Water Education and the SDGs: Strengthening the “Blue Thread”

Related: Check out Project WET's story about the water education and the SDGs on Impakter.

UN Sustainable Development Goals posterThe 17 Sustainable Development Goals that make up the 2030 Agenda range from concrete problems such as hunger and poverty to more abstract concepts like peace and justice. Still, separating one from the other is nearly impossible. How can gender equality be achieved without quality education? Can good health and well-being co-exist with hunger, or when clean water and sanitation are unavailable? How can we power sustainable cities and communities without making progress on affordable and clean energy? The examples of interdependence are nearly endless.

Recently, the Stockholm International Water Institute (SIWI) released its Policy Brief for July 2019, “Connecting the SDGs through resilient water management,” in preparation for the 2019 High-Level Political Forum on the 2030 Agenda. The authors acknowledge how intertwined all 17 SGDs are but also go a step further, identifying water as the “blue thread” that runs through the 2030 Agenda:

“Water resources, and the wide range of services they provide, underpin poverty reduction, economic growth and environmental resilience. From food and energy security through decent work, cities and production, to human and environmental health – water improves social wellbeing and inclusive growth affecting the lives and livelihoods of billions.”

We couldn’t agree more, and that means water education does not just connect to SDG6 (Ensure availability and sustainable management of water and sanitation for all) but to all 17 targets.

Water’s relevance to so many aspects of the 2030 Agenda makes water education critical for moving forward. Citizens must understand the basics of water—the water cycle, water’s role in health, water quality—to be effective water managers, personally and as part of their communities. As SIWI explains, “Water is a master variable for life on earth and if we fail to consider water management within our broader development plans and actions, we will fail to reach our targets.”

Screencap of SIWI blog post by Kristina JohanssonSIWI’s brief highlights several specific ways in which improving water management and awareness can reduce poverty, inequality, hunger, aquatic and terrestrial environmental degradation, economic disparity and injustice, including:

  • improving the effectiveness, fairness and transparency of water governance from the local to transboundary level;
  • recognizing water’s value when it comes to social, environmental and economic prosperity;
  • taking a human-rights based approach to water and ensuring that women, youth, indigenous populations and vulnerable groups are empowered to take action and become right holders as well as duty bearers.

In each of these examples, water education has a role to play. Effective, fair and transparent water governance is predicated on stakeholder understanding of water issues. Water education can impart that understanding. Recognizing the value of water, too, depends on individual and collective knowledge about water’s unique physical and chemical properties, as well as its role in making life possible on Earth. Objective, science-based water education can also empower women, youth, indigenous populations and other vulnerable groups to take appropriate local action to solve water issues in their communities and around the world.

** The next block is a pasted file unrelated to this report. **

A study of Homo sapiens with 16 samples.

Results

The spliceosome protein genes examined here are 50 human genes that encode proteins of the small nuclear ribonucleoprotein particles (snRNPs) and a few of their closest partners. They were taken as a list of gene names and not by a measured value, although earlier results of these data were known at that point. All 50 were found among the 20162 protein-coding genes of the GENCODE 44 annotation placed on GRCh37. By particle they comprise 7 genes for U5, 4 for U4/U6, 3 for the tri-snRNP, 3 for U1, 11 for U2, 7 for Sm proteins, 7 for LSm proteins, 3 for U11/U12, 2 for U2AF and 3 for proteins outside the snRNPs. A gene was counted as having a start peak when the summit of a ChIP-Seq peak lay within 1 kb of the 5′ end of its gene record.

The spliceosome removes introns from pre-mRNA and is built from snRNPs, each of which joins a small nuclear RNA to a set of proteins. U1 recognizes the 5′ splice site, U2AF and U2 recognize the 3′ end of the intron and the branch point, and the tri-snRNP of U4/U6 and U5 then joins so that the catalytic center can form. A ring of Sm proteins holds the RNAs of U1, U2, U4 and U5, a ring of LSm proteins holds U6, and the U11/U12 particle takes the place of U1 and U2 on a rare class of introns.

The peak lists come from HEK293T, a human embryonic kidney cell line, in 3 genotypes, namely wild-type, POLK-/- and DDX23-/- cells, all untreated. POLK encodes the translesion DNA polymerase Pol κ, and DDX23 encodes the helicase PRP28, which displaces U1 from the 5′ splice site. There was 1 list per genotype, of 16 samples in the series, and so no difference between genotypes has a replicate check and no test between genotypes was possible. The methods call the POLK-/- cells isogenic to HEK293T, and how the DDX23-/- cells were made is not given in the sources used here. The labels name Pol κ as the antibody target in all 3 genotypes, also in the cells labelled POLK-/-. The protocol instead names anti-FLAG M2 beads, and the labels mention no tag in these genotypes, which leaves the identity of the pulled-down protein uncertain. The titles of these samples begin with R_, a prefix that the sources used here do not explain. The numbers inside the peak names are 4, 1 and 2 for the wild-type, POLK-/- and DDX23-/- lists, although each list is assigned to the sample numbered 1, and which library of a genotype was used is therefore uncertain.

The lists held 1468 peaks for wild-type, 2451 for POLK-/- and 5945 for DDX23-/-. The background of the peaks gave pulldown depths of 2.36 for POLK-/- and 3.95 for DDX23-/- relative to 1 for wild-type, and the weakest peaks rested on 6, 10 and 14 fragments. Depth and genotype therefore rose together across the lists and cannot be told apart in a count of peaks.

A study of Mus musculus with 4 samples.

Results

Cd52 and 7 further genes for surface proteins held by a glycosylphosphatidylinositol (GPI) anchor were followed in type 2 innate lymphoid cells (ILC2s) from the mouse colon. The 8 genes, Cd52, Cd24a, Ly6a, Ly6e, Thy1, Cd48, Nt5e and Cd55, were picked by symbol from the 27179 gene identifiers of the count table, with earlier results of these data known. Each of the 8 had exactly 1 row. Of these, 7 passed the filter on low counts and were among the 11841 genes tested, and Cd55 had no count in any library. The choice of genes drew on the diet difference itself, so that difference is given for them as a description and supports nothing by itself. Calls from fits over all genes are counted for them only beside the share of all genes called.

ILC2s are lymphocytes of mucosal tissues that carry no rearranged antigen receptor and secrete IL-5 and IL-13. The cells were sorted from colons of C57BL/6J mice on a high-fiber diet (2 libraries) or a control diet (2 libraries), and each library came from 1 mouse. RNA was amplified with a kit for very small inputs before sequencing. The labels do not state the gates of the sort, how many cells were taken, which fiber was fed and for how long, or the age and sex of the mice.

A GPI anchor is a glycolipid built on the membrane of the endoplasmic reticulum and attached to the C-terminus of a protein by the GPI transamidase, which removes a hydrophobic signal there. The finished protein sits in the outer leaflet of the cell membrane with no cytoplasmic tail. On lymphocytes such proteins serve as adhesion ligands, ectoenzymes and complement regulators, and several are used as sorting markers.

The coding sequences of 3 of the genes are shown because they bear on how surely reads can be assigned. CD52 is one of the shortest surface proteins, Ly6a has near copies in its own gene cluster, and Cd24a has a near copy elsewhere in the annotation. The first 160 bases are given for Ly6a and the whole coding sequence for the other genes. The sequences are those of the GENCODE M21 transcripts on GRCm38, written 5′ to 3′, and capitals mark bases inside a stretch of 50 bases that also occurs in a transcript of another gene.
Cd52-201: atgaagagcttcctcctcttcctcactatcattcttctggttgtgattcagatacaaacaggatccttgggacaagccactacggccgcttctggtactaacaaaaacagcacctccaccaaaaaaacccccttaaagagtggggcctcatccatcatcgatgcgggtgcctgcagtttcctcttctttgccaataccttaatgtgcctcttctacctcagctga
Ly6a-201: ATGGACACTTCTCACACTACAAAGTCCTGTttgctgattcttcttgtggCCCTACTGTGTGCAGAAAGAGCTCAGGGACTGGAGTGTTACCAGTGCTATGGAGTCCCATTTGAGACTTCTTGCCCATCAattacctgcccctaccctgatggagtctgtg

SIWI Programme Officer Kristina Johansson makes an apt link to astronauts in a blog post introducing the idea of water as the blue thread:

“When astronauts go to space in search of life on other planets, they first search for one thing – water. All human activity, as well as our environment, are dependent on this precious resource. Today our world is facing large-scale challenges such as climate change, ecosystem degradation, biodiversity loss, inequality and poverty. All these challenges require our urgent response, not in the future, but now. And just like the astronauts, we should be focusing on water.”

At the water festival, NASA Astronaut Ricky Arnold answered questions from Glenallan studentsAt a Maryland water festival this year, NASA Astronaut Ricky Arnold answered questions from elementary school students Her words echo those of Ricky Arnold, a NASA astronaut who spent six months on board the International Space Station. Arnold, who also serves as a volunteer Board member for the Project WET Foundation, has spoken extensively about what being in space has taught him about water on Earth.

Speaking to elementary school students in Maryland on World Water Day this year, Arnold said, “Earth is like a spaceship. We’re all sharing the same resources, and we need to think every day about how we impact these precious resources, particularly water.”

By focusing attention on water—and specifically on educating people about its management, conservation and value—the Project WET Foundation and our network of partners around the world are working to advance the 2030 Agenda as a whole.  As SIWI’s Johansson concludes, “A holistic and resilient approach to water management can tackle our global challenges and provide solutions for several issues at the same time. The 2030 Agenda can only be reached if we accelerate our ambitions with water and ensure that the blue thread that we are all dependent on keeps on flowing.”